Given violinist Itzhak Perlman’s busy schedule of solo and conducting engagements, it’s become something of a rarity to hear him in a chamber recital like the one presented on Thursday at the Terrace Theater. Making the event even more welcome was the participation of 11 students — aged 18 through 24 — from the Perlman Music Program. This training project for young musicians, started in 1993 by Perlman’s wife, Toby, brings gifted players at the start of their professional careers together with Perlman and other seasoned musicians for master classes, intensive workshops and performances.
If there were concerns that Perlman’s young charges would be overshadowed by his daunting technique, they were quickly dispelled in Mozart’s E-flat Divertimento, K. 563, where his playing was democratic to a fault. His sound was recognizably sweet, his phrasing virtuosic yet relaxed, but he avoided grandstanding — in the Mozart and even in Brahms’s String Quintet in G, Op. 111, where the top violin line is treated in a more overtly soloistic manner.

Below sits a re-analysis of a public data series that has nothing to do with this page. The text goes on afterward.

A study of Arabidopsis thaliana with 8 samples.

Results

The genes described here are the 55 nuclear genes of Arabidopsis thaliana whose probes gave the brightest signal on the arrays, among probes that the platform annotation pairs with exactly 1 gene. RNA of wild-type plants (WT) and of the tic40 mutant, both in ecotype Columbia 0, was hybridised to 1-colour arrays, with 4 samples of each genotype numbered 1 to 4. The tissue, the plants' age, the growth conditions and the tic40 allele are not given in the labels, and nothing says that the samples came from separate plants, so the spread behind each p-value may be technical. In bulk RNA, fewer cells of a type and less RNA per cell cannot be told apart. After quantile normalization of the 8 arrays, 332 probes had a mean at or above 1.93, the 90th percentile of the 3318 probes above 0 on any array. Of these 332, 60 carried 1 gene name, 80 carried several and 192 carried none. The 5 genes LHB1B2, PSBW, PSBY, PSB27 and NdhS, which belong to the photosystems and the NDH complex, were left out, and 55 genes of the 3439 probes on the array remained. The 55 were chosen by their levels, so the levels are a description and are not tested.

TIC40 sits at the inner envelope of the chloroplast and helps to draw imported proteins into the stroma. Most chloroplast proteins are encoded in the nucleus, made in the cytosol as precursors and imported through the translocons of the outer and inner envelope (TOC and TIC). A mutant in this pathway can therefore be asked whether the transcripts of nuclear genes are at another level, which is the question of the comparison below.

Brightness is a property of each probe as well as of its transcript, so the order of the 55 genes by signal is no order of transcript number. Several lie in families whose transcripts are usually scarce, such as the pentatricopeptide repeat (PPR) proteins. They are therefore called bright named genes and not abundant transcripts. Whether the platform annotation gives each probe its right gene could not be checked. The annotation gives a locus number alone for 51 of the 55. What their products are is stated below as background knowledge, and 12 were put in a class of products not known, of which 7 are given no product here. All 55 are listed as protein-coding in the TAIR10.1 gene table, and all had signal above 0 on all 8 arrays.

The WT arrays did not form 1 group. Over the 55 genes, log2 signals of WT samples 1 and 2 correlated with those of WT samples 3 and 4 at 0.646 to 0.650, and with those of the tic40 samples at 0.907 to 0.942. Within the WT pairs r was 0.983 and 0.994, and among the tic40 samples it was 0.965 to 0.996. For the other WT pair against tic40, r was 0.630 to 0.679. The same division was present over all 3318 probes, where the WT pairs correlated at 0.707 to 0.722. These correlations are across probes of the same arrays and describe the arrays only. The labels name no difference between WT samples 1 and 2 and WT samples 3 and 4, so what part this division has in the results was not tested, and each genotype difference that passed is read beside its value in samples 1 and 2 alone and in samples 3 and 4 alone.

That’s not to say his influence on his youthful colleagues wasn’t felt: Their playing in both works was warm, supple and mature beyond their years, with the Mozart sounding no less romantic and vibrato-rich than the Brahms.
A taut reading of Osvaldo Golijov’s nonet for strings, “Last Round” (performed without Perlman), proved an arresting showcase for the discipline and sheer kinetic energy these musicians bring to their playing. They tapped into the heat, roiling power and sultry lyricism in Golijov’s writing as if they’d been performing the piece for years.